Am I suffering from low mood or is it depression?

Am I suffering from low mood or is it depression?

Everyone feels down from time to time, and sadness is a completely normal human emotion. Even extreme sadness can be normal when we encounter certain life evens such as the loss of a loved one of the end of an important relationship. At times like this, sadness is expected and is a coping mechanism. Sadness is an evolutionary process and was used to keep us safe when things were out of the ordinary. For example, if we injured ourselves we would have a low mood the following few days, to keep us safe and focus on our recovery. As low moods are common and normal, it can be difficult to know when we are suffering from depression. How do we know the difference between the two terms?

1. Depression is a mental illness

A low mood is not classed as a psychological illness. Depression is a mood disorder that causes you to feel constant sadness or a lack of interest in life. It results in biological changes in your brains ability to produce and absorb neurotransmitters and it can affect the physical structures in the brain.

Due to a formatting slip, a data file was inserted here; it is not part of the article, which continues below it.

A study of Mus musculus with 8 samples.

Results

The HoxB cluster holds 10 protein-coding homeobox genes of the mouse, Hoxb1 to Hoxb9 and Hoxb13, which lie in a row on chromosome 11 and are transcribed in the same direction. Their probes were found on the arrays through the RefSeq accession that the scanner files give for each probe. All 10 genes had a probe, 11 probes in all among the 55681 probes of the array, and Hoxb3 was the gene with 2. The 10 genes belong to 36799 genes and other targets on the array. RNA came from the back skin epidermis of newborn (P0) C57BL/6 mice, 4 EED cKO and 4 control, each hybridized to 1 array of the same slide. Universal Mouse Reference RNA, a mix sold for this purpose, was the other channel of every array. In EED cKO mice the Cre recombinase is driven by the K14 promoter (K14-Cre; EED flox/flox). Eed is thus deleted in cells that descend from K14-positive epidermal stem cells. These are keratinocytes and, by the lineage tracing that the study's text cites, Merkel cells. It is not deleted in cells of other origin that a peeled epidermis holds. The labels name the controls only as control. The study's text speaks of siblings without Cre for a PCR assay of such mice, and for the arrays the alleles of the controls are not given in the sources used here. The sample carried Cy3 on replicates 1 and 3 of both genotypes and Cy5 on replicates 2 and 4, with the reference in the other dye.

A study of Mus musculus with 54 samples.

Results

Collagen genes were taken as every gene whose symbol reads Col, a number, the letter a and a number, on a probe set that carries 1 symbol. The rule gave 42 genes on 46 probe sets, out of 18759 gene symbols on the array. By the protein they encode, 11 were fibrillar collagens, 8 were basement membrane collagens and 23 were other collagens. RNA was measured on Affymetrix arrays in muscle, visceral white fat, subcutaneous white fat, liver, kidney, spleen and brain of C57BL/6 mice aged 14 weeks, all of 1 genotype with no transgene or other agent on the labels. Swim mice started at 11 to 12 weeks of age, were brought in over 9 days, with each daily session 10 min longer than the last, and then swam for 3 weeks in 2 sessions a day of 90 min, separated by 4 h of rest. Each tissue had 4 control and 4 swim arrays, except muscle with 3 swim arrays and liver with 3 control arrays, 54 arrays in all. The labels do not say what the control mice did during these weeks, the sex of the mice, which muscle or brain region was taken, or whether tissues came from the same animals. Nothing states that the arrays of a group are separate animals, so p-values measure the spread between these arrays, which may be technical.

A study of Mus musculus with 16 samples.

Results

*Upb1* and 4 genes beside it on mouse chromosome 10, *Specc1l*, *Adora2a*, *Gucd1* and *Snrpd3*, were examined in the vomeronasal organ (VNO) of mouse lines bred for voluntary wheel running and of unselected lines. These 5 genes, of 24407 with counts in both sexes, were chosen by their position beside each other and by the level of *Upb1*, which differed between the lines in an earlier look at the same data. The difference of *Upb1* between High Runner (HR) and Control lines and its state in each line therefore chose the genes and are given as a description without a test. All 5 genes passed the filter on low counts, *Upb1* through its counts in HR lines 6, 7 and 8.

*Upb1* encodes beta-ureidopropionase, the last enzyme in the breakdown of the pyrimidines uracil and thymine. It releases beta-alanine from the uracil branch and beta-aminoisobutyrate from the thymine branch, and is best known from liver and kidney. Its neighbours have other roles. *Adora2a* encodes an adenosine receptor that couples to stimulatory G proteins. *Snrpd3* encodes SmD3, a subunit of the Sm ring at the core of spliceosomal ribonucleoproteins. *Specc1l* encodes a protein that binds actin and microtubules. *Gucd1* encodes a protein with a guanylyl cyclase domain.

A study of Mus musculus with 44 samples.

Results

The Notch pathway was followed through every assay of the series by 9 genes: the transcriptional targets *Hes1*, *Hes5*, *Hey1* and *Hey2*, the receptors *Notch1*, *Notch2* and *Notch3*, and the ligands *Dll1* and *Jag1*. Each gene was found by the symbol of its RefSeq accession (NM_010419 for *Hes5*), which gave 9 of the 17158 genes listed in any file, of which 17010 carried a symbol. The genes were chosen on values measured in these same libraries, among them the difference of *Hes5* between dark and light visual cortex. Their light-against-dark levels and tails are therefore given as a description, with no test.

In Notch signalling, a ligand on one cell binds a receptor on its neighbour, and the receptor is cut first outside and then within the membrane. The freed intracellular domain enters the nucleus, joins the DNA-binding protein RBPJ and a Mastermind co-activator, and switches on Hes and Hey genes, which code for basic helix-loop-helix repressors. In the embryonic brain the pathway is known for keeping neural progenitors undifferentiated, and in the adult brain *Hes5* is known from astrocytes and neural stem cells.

2. Low mood usually passes quickly

A low mood tends to lift after a few days whereas a symptom of depression is a low mood lasting over two weeks. Depression can last weeks, months or even longer in some cases and the sufferer can have repeated episodes.

3. Low mood is normally contextual to life events

A low mood reflects a person’s emotional state, normally in relation to their life events. If a person is under pressure at work, had an argument with someone they care about or failed an exam, it is common that they may experience a period of a low mood. However, depression can occur for no reason at all. A lot of people suffering from depression feel guilty about their illness because their life circumstances are good.

4. Low mood can pass without any treatment

Depression is an illness so it generally requires some form of treatment to help alleviate the symptoms, whereas a low mood usually lifts, either when the cause is resolved or because we adapt to new circumstances. Depression can be treated with a variety of treatments. For some people, a combination of antidepressants and talking therapy is effective whilst others use self-help strategies such as exercise or meditation.